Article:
An Introduction to Deep Sky Objects
M42: The Great Orion Nebula
Introduction to the deep sky
This truly is the golden age for amateur astronomers. Never in history has there been so much information about our natural world on hand, or the availability of affordable astronomical equipment, such as computerized telescopes and image stabilized binoculars. But that is the subject for another article. My aim is to give you an overview of the observable universe from your backyard. Well almost. For the most of us, observing means having to travel a fair bit to get to darker pristine skies. Although we do live in a gilded age, advancements come with a price. With the advent of technology, our once dark night skies are not so dark anymore. As an example, go out tonight and look up. Depending on where you live, you might see a sky full of stars (not likely unless you live out in the sticks) or for the most of us just a handful of the brighter ones. Don't give up just yet! You will be amazed at what you can see, even from a not so perfect sky. And I am not just talking about our inner solar system (our moon, and the planets Mercury, Venus, Mars, Jupiter, Saturn, Uranus and Neptune...all are visible with small scopes with the exception of Pluto, which peaks at magnitude 13.65 at opposition), I am talking about deep sky objects. What are deep sky objects. Any object not within the realm of our solar system is classified under the broad umbrella term deep sky objects. These are the staple of amateur astronomers worldwide. We love looking at the deep sky, sketching deep sky objects and photographing the deep sky. So what is the deep sky and what does one need to begin a journey into observational deep sky astronomy? Read on!
Deep Sky Objects: General Classes and Definitions
Deep sky objects cover a wide range of subjects, that can be broken down into several classes. These classes can then be further broken down into sub classes. The backbone classes include nebulae (latin word for cloud since they literally looks like clouds with the naked eye and through the telescope), galaxies and star clusters. Nebulae themselves can be further subdivided into emission nebulae, reflection nebulae and planetary nebulae. With the exception of planetary nebulae, the other two consist of gas clouds that are collapsing under gravity to form infant stars. The only reason we are able to visualize these gas clouds is because they are illuminated by these young stars. As the name suggest, emission nebulae are visible because they are illuminated by the forming stars they contain within. By contrast reflection nebulae are illuminated by foreground or background stars that are nearby. Both emission and reflection nebulae represent stellar nurseries.
Planetary nebulae and supernova remnants, on the other end, represent the graveyard of stars. Depending on the mass of the star, their ultimate fate when they finally exhaust all their fuel is very different. Super-massive stars usually end their existence in a spectacular fashion, literally going out with a big bang. Its such stars that go supernova and glow brightly for weeks before blowing out its remnants and forming filamentous patterns in the sky. Less massive stars usually eject out their material slowly, forming all sorts of interesting shapes. I will cover examples of these in the following articles.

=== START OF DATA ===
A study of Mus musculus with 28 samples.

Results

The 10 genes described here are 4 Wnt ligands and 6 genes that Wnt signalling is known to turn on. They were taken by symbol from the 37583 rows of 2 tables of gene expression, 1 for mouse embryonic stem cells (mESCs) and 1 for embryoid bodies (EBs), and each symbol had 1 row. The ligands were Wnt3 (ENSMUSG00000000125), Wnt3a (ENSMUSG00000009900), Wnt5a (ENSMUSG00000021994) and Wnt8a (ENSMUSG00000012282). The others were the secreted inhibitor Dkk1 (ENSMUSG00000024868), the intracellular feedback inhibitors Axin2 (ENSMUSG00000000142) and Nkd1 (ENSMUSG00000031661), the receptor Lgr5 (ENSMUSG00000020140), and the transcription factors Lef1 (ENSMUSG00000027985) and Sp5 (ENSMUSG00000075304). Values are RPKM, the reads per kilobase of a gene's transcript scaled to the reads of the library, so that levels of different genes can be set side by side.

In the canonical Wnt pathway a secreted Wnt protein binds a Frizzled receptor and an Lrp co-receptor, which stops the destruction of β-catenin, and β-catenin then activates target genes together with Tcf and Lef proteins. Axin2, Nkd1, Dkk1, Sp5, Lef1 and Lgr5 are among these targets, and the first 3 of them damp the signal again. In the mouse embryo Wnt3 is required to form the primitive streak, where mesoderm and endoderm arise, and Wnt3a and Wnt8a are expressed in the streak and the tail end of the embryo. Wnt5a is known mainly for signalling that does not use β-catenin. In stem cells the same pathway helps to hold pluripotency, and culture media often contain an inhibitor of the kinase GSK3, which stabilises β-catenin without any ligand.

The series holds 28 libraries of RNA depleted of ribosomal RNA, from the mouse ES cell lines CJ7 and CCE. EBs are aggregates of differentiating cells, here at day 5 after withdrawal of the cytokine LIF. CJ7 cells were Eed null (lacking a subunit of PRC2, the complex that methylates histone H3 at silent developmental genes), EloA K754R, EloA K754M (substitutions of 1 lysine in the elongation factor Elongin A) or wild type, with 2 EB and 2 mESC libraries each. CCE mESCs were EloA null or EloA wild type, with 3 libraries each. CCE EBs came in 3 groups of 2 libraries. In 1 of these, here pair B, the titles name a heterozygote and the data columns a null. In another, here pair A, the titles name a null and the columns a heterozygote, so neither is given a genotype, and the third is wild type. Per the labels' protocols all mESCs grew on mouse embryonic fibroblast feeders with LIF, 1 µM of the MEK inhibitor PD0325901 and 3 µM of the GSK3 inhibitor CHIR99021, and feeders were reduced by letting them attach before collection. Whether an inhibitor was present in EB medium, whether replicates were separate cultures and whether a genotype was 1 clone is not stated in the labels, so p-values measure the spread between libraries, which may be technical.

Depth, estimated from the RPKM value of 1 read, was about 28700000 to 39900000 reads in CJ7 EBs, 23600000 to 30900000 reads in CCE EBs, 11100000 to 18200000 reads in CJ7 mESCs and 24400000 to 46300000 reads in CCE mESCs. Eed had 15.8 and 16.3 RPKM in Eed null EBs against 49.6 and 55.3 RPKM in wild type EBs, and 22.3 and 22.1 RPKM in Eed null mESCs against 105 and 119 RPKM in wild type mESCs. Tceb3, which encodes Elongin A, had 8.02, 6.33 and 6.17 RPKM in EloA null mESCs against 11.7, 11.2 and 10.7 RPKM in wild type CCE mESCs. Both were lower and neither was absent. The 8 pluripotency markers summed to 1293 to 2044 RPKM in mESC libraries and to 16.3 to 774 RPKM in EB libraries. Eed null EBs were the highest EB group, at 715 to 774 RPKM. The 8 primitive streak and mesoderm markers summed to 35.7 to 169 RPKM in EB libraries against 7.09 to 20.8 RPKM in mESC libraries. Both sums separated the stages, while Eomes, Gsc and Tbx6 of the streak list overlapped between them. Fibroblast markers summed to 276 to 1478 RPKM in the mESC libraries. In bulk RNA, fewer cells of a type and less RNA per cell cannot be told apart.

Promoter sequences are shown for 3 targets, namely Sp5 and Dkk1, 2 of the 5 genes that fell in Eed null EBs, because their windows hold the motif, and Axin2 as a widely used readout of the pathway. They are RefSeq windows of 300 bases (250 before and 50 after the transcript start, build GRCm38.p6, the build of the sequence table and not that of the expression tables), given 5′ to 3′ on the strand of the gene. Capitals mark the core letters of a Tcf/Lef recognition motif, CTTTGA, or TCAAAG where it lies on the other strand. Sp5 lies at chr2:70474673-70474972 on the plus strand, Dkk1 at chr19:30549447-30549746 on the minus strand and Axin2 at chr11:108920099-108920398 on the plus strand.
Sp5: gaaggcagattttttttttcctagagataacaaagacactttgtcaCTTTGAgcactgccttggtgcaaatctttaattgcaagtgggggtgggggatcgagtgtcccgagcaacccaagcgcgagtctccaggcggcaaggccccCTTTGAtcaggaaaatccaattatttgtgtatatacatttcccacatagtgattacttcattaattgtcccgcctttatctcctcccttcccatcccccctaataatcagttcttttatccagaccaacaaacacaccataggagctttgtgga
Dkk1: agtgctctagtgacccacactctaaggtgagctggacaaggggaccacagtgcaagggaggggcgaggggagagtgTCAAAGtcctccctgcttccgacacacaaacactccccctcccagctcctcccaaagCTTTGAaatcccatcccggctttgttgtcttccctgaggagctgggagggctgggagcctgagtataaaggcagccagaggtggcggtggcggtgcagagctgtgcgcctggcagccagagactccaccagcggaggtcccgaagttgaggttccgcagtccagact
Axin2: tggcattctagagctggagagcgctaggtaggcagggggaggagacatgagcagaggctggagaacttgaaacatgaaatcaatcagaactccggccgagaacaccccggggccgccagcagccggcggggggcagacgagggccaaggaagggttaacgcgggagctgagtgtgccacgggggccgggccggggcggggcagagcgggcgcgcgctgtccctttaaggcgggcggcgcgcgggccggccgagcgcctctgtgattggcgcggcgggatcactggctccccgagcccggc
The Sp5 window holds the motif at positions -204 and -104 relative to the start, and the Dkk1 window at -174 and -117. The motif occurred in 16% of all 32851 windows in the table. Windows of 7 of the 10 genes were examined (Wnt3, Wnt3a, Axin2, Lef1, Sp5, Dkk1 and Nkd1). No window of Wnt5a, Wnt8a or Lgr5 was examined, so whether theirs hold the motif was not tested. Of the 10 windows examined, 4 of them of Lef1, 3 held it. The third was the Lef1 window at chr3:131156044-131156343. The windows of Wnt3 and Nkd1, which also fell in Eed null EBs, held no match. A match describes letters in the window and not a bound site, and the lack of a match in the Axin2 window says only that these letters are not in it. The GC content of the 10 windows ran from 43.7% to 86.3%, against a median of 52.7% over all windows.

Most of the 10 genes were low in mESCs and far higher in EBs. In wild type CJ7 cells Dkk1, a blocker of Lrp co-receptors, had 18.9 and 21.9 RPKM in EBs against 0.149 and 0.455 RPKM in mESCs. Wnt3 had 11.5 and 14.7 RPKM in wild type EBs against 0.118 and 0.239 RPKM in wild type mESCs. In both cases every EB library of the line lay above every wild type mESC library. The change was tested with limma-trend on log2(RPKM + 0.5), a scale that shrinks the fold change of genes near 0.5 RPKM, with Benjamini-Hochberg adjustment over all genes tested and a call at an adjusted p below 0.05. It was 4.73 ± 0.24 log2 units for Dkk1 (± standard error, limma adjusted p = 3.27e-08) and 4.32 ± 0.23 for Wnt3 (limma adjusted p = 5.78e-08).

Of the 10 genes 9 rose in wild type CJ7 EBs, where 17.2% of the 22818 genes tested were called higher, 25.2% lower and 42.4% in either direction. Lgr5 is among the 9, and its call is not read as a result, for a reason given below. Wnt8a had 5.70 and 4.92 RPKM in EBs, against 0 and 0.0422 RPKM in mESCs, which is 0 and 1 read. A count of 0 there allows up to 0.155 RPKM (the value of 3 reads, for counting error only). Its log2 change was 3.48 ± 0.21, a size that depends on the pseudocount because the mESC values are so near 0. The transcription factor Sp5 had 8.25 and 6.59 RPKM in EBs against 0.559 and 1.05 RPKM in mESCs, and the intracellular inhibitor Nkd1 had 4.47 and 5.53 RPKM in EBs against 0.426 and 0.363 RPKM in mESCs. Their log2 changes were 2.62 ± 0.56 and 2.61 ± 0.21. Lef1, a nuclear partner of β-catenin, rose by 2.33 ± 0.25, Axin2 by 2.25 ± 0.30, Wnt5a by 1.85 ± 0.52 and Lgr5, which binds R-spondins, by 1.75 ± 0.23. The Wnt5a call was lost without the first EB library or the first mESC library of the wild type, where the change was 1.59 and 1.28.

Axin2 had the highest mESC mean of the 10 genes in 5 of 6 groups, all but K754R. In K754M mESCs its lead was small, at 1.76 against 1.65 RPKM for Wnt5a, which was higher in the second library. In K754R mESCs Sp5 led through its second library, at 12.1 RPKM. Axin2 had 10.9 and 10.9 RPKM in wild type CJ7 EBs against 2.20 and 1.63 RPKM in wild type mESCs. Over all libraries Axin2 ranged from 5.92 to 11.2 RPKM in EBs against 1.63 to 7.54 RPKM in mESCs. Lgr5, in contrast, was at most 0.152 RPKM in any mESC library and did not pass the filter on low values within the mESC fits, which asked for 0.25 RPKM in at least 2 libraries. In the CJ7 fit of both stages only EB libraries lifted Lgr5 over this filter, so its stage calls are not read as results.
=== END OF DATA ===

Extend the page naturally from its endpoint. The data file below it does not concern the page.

Star clusters represent a class of object that is easiest to observe from light polluted skies. Since they are formed either from a chance grouping of stars, or stars that are actually gravitationally bound to each other, they have what is termed "high surface brightness" in astronomical terms. All this means is that they are point sources and their light is condensed in a small area. Again star clusters can be subdivided into two sub classes, open clusters and globular clusters. Open clusters form the observing staple of urban astronomers and are the easiest to observe as they are bright. Globular clusters are much tighter groupings of stars that are bound tightly together. These are usually found around the center of our milky way (in the direction of the constellations of Sagittarius and Scorpius in the summer months in the northern hemisphere) and most of them are relatively bright as well as their light is concentrated in one spot. Oftentimes though beginners find these class of objects less interesting as resolution is only possible in scopes 5 inches (127mm) and larger, and at high magnification.
The final class of deep sky objects, galaxies, are the hardest to observe from urban settings. Again there are several classes of galaxies depending on their morphology. Three broad groups include spirals, ellipticals and irregulars. As their names imply spirals usually present their spiral arms either face on or sideways. These are the objects people immediately think of when galaxies are mentioned as they are the poster-child of galaxies. Ironically they are also the hardest to observe as their light is spread out over a wide area, hence a very low surface brightness. There are sub categories within the spiral group. Ellipticals look, well like ovals with little of no detail, even in the largest of amateur scopes. This class of galaxies are the easiest to observe, even from light polluted sites since their light is concentrated in a smaller area. The final class of galaxies, the irregulars have no discernible shape to them. A good example of this class of galaxies is the Large and Small Magellenic clouds, satellite galaxies of our own milky way. Unfortunately these two galaxies are not visible form the northern hemisphere.
My next article will cover what one would require to start observing, as well as some tricks of the trade.